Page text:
Hip-Hop Fashion

Hip-Hop Fashion


Hip-Hop Fashion

One of the important considerations about hip-hop is that since its conception in the early 1970s, hip-hop has arguably become more potent and efficient in galvanizing black social identity.

Hip-hop is also a multifaceted subculture that transcends many of the popular characterizations used to describe other music-led youth cultures.


The evolution of hip-hop has developed from a self-conscious rumination of words and music to an obstinate expression of contemporary urban life through corporal gestures and apparel.

From the beginning, hip-hop fashion has been on a trajectory of relentless flowering.

Developments have been primarily in the men’s wear sector.

Less functional items included designer jeans and moniker belts, gold jewelry, Kangol caps, Pumas with fat laces, basketball shoes, and oversized spectacles by Cazal.


Rap is arguably music’s most entrepreneurial genre, obsessed with graft and hustle, status and the path up from the streets.

No other sound has focused so much on starting from the bottom.

Perhaps because no other music has been so dominated by artists who started life at the bottom.

The uniform of rock was stuff that would frighten fans’ mothers; for rap, it was clothes that backed up your bars.


Rap’s first commercial flush put its stars in financial reach of luxury, but they were still locked out by geography and race.

Their focus on the grittier sides of street culture made brands wary. Biggie might big up Louis Vuitton, but its customers were white, old and didn’t want their couturier draped across an ex-drug dealer.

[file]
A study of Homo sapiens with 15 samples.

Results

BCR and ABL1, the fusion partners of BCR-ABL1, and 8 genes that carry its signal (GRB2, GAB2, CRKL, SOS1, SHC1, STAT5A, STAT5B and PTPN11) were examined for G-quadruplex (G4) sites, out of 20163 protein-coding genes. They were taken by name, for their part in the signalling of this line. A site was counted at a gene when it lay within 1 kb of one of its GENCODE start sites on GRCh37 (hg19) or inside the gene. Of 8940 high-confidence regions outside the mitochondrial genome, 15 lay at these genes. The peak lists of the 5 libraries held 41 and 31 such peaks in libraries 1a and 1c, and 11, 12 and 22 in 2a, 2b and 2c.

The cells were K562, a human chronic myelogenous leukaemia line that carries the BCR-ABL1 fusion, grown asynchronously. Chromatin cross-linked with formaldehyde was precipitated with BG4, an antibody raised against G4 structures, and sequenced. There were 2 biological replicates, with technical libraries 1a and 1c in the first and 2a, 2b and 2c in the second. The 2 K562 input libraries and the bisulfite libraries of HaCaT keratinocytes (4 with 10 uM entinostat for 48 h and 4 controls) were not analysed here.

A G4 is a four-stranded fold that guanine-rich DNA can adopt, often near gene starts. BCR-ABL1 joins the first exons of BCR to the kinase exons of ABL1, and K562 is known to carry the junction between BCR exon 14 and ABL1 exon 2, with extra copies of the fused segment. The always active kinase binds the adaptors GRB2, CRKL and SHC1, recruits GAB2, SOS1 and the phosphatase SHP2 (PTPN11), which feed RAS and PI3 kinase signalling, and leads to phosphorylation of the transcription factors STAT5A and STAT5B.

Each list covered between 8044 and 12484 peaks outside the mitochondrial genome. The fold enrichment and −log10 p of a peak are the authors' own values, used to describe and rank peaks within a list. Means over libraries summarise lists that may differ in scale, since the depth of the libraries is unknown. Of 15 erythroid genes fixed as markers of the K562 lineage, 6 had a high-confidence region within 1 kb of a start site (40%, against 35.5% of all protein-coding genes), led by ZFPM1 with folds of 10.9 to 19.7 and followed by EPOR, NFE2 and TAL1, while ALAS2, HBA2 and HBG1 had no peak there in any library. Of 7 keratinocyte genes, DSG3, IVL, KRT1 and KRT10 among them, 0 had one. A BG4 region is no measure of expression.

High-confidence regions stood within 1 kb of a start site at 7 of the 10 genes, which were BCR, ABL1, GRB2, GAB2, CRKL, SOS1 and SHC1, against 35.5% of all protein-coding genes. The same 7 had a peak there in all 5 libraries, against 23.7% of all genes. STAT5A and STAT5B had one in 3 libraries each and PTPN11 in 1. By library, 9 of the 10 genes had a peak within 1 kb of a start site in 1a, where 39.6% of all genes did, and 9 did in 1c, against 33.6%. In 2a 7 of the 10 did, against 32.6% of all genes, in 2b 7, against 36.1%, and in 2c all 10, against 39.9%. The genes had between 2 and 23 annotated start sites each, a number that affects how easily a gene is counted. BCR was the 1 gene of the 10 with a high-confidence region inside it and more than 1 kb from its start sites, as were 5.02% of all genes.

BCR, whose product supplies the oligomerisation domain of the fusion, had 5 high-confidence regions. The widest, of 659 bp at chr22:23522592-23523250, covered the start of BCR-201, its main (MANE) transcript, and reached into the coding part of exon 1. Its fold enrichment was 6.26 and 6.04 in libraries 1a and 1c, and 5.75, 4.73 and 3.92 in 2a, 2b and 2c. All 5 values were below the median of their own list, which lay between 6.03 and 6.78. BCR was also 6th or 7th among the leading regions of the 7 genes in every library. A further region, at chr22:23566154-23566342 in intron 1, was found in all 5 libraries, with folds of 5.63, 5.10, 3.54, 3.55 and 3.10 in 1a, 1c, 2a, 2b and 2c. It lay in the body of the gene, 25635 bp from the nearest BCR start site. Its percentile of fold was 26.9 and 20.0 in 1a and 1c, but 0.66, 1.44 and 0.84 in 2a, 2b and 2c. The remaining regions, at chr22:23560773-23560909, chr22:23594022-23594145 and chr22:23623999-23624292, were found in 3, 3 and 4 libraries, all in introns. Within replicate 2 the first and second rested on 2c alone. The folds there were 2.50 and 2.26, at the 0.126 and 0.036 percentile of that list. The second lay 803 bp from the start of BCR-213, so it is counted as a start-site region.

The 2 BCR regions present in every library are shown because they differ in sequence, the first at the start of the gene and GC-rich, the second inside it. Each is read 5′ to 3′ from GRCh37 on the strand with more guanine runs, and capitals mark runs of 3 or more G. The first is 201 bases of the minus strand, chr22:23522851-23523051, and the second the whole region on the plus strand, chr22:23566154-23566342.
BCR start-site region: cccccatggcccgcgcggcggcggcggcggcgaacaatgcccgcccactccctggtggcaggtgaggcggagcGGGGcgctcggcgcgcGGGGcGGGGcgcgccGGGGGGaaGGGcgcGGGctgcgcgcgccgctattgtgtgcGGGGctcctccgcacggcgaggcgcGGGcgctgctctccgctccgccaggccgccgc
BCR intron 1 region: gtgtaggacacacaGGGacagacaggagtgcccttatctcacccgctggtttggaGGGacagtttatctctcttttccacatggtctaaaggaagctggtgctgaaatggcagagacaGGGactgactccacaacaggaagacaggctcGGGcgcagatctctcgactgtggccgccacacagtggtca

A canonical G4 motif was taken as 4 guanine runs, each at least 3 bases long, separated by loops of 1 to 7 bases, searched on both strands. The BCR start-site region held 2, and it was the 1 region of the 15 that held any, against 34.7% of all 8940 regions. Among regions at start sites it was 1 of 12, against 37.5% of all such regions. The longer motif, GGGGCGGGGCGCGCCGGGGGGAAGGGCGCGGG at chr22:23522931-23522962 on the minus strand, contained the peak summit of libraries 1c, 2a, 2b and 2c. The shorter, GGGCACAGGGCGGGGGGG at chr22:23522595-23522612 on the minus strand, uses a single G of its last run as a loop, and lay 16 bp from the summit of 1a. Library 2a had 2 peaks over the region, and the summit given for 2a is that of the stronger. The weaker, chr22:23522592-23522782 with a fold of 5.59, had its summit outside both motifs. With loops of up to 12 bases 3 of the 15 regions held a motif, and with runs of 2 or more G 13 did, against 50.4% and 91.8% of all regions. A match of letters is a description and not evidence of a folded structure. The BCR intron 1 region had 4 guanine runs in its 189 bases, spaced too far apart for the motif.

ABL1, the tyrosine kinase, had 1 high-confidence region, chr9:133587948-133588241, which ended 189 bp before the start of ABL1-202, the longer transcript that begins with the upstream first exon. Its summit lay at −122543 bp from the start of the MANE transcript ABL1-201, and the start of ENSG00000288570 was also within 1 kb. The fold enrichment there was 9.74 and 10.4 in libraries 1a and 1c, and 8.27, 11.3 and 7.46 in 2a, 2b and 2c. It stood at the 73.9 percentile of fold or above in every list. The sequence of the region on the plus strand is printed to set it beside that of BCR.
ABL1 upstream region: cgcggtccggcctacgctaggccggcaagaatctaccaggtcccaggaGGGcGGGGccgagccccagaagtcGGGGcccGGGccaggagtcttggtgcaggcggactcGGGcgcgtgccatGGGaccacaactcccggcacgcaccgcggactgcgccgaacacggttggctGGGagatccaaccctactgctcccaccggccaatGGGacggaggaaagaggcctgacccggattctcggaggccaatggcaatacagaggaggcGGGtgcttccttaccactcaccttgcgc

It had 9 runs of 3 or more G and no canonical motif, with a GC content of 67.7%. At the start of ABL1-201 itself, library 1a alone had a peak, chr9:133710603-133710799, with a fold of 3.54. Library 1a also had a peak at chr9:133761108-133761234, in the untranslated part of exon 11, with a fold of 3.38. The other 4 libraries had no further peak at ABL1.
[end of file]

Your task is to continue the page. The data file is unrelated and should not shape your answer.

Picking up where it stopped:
They were even less comfortable about selling to actual drug dealers, the only other people in Harlem in with the cash to afford them.


His demise coincided with rap’s toughening up and a shift in style to something more authentic.

As music played a significant role in the way people dressed during the 1990s, many celebrities were known as fashion icons, especially rappers.

Rappers were also tiring of luxury’s knockbacks. When the Wu Tang Clan launched its own brand, Wu Wear, a generation of artists realised that they could control what they promoted and how they were rewarded.


They turned rejection into a statement of intent, creating clothes for fans who, were at best only ever endured by the establishment.


In the mid- to late 1990s, platinum replaced gold as the metal of choice in hip hop fashion. Artists and fans alike wore platinum (or silver-colored) jewelry, often embedded with diamonds.

Juvenile and The Hot Boys were largely responsible for this trend.

Cash Money Records executive/rapper Brian “Baby” Williams has an entire mouthful of permanent platinum teeth.

Others have fashioned grills, removable metal jewelled teeth coverings.

Hip-Hop Fashion

With the advent of the jewellery culture, the turn-of-the-century-established luxury brands made inroads into the hip hop market.

With brands like Gucci, Louis Vuitton and 212 Diamond City making appearances in hip hop videos and films.